Yes, there are many kinds of tea, though probably fewer than you expect, because what most people refer to as “tea” is not actually tea in the truest sense of the world.

Tea, used properly, refers to both the Camellia sinensis plant, and to a drinkable beverage made of such. Used colloquially, tea refers to any hot (or iced) beverage made by steeping plants, herbs, fruits, or other botanicals.

Let’s explore some true teas and some ‘teas’ that are actually infusions, or tisanes (pronounced ti-zan).


ChineseTeasThe true tea from the Camellia sinensis plant comes in 5 main varieties. Since all the varieties come from the same bush, the type is determined by when the leaves are picked and the processing style (including oxidation, fermentation, etc). Below C = China, J = Japan, I = India, T = Taiwan.


White tea is picked very early in the season, oftentimes before the bud has fully formed leaves, and frequently still has its protective fuzz cover the leaves/bud. Because it is so young, white tea is very delicate. Common white teas include Silver Needle and White Peony.


Green tea can also be picked quite early in the season, depending on the growing plantation, but it is typically allowed to oxidize a little bit more than white tea. Green tea comes under many names: green tea, Long Jing (C), Matcha (J), Shincha (J), Sencha (J),


Picked later in the season and more oxidized than green tea, oolongs actually span the range from lightly oxidized (20-30%) to highly oxidized (60%+). Oolongs can be hand-rolled or otherwise dried in such a manner they’re often wound into tight balls, that open when steeping. Characteristic oolongs include Tie Guan Yin (C), Oriental Beauty (T), Da Hong Pao / Red Rope (C), and Pouchong.


Black teas are perhaps the most widely drunk, particularly in the bagged form, served with milk and sugar. This is appropriate since black tea tends to lend itself better to pairings. Black tea is made from hardier leaves and stems, picked later in the season, which are allowed to oxidize quite significantly before being dried. Bagged black tea goes through a cut-tea-curl process, to soften and shrink the leaves for bagging and steeping. Typical black teas include English Breakfast, Assam (I), and Darjeeling (I).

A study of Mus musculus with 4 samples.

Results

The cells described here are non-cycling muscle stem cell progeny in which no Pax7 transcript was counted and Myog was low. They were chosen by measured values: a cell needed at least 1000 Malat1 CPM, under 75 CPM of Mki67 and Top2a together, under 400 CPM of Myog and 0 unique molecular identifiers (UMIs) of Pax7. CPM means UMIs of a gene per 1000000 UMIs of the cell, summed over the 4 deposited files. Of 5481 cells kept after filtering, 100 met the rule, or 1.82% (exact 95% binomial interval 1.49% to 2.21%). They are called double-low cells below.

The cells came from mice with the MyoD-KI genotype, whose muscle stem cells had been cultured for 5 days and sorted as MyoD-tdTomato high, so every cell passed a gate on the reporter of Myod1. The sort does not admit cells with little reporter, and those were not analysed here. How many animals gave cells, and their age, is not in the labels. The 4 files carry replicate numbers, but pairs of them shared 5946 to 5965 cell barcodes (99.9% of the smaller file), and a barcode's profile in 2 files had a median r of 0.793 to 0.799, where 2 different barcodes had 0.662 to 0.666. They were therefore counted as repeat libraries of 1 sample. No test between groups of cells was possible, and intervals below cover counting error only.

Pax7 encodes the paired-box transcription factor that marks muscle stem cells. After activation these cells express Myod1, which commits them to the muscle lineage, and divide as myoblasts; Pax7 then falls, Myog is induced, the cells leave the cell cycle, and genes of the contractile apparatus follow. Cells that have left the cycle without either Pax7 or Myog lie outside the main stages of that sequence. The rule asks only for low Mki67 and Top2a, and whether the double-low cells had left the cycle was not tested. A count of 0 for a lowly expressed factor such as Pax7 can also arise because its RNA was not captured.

Pu-erh, Yellow, Chai, and Others

You may have heard of a number of others teas. One of the most famous is pu-erh, a tea that not only is oxidized, but also fermented that only comes from China’s Yunnan Province, in the Pu-Er region. Other regions in China, such as Hunan, may create fermented teas following a similar process, but technically these are not “pu-erh.”

Yellow teas are far less common and typically come from Anhui prvince in China.

Chai should really be in a category of its own because it is not pure tea, such as those above, but it does contain tea, usually black, and a variety of spices, such as cardamon, cinnamon, black pepper, cloves, etc. Chai is often, though not exclusively drank with milk.  Chai is most commonly associated with India.

Non-Tea ‘Tea’

While the following are not technically teas, since they don’t come from the Camellia sinensis plant, they are often grouped together with tea, sold as tea, and most frequently mistaken as tea.

Rooibos (and Honeybush)

From South Africa, Rooibos, frequently simply called “red tea” and its sister plant, African Honeybush, is¬†actually a weed that goes through a similar processing technique as true tea. If you encounter ‘naturally caffeine-free tea,’ it is likely this.

Yerba Mate

Popular in southern South America countries like Argentina, Uruguay, and Paraguay, Yerba Mate can have a strong stimulating effect, similar to caffeine. Its fine leaves are usually drank through a filtered straw.


Less well-known of the tea imitators is Guayusa, another South American herb, similar to Yerba Mate in its stimulating, energizing properties. The most well-known brand of this is Runa.

Herbal ‘Tea’

ChrysanthemumWhen herbs are steeped in water, they are not true teas–they should accurately be referred to as infusions or tisanes. Therefore, herbal tea is a misnomer.

Herbal infusions (or tisanes) include any herb such as Chamomile, Mint, Ginger, Lemon Balm, Valerian, Senna, all sleep teas, and cold remedy teas. Traditional Medicinals is one of the stand-out brands in this category; the Yogi’s line is also mostly herbal infusions.


Leave a comment and tell us, what is your favorite type of tea or herbal infusion?